Monday, July 20, 2009

The Planting of the Seeds of Our Discontent: The Empty Self in "Revolutionary Road"

Linda and I just watched "Revolutionary Road." It does an excellent job portraying "the empty self." which is the self that is nothing, the self that has nothing. Leonardo DeCaprio and Kate Winslet are so convincing that I fell like calling them and asking "Are you guys OK?"

In the movie DeCaprio and Winslet "feel" nothing. This causes them to despair because they've come to believe, like most in America today, that the summum bonum of existence is: to feel... something... anything. DeCaprio works at a job and a marriage and family that "bore" him. He's not found his reason for living. The children barely appear in the film and are, essentially, a non sequitur. It's all about two vacuous people who not only still haven't found what they're looking for but have mostly given up looking, and probably wouldn't recognize "it" if they found it.

DeCaprio's wife Winslet sees some kind of greatness in him, and thinks if they just pack up and go live in Paris DeCaprio's greatness will get unpacked. The thought of Paris gives her strong feelings. But these feelings eventually get dashed, and she becomes the Queen of Non-Feeling. At that point in the film she's worse than a Stepford Wife.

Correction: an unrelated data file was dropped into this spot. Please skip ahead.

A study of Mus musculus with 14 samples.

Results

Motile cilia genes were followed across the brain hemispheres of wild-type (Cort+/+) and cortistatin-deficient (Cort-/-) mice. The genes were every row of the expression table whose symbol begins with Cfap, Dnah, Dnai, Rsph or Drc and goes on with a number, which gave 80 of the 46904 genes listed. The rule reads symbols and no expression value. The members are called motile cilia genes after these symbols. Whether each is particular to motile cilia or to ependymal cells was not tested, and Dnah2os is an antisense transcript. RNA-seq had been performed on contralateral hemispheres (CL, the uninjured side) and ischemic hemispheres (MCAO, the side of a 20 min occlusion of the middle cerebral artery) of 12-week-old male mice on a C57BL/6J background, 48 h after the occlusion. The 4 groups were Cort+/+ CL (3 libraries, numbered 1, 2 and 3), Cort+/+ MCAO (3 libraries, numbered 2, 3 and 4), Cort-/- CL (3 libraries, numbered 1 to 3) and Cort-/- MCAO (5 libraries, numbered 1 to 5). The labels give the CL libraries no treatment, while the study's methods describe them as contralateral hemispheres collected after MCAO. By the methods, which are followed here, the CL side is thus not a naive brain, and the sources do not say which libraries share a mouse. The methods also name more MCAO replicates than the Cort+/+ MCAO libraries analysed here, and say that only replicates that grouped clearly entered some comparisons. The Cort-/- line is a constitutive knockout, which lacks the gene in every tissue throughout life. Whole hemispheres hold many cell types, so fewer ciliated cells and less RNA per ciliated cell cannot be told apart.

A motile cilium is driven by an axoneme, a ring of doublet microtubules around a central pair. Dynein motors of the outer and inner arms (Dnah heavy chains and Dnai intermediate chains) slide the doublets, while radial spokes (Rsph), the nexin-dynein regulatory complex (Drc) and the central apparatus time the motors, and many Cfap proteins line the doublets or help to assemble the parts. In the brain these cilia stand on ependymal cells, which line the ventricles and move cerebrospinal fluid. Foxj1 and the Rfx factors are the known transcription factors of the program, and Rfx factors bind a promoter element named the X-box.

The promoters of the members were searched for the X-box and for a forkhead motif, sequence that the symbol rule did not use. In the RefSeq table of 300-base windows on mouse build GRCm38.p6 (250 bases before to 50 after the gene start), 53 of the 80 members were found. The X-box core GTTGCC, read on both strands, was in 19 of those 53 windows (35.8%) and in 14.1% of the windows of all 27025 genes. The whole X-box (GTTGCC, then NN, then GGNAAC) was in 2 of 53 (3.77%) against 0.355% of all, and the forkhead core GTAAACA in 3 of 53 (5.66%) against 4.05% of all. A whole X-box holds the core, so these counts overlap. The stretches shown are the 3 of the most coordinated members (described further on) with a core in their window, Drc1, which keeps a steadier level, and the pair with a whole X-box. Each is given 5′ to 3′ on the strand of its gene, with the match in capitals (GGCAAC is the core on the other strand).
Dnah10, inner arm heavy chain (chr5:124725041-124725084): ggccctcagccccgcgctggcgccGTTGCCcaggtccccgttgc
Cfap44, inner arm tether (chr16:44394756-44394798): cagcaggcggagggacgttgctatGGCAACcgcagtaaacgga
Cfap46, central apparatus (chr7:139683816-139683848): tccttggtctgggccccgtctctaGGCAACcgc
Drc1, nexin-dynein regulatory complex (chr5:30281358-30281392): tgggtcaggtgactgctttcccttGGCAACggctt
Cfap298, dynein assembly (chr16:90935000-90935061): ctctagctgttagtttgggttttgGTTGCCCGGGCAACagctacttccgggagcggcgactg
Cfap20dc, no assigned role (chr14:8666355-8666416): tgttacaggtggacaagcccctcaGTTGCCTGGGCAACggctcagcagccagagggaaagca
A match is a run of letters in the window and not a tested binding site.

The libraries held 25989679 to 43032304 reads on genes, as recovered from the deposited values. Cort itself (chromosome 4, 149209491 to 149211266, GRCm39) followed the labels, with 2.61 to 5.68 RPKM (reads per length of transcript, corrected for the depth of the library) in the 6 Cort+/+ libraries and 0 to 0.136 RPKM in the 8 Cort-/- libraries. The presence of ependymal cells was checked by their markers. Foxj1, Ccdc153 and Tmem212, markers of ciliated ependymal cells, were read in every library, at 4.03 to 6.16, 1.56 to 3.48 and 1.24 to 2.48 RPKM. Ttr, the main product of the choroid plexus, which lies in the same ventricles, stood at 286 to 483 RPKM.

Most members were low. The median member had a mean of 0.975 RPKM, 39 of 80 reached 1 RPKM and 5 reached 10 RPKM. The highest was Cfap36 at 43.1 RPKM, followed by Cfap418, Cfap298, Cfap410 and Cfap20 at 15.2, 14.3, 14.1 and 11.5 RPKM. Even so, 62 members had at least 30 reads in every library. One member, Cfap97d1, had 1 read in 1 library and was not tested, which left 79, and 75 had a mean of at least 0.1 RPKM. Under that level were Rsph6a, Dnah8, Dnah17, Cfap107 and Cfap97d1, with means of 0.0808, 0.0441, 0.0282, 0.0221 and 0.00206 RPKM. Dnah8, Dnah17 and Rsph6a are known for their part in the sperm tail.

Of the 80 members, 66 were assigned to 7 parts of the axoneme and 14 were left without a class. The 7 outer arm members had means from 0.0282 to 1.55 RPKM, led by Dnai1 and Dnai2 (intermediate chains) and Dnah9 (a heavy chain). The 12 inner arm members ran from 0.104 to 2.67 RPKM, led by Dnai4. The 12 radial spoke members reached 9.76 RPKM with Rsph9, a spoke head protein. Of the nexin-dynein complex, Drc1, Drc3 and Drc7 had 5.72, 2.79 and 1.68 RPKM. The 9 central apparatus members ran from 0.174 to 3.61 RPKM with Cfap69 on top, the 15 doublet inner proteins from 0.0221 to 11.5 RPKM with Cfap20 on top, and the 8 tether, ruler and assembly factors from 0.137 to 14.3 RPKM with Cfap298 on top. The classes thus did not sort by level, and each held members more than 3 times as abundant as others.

"Revolutionary Road" takes place in the 1950s in a Norman Rockwell America. Here, in our land of unlimited abundance and growth and peace, the seeds of our discontent were planted. There's no "revolution" happening on this road, only restlessness and anomie ("an erosion, diminution or absence of personal norms, standards or values, and increased states of psychological normlessness," here).

Now, in 2010, we in America are in full-blown anomie. Emile Durkheim defines this as: "If the rules of the conjugal morality lose their authority, and the mutual obligations of husband and wife become less respected, the emotions and appetites ruled by this sector of morality will become unrestricted and uncontained, and accentuated by this very release." (Here)

I love (in a sense) the way philosopher J.P. Moreland describes the empty self in his book The Lost Virtue of Happiness. I'll share this in a future post.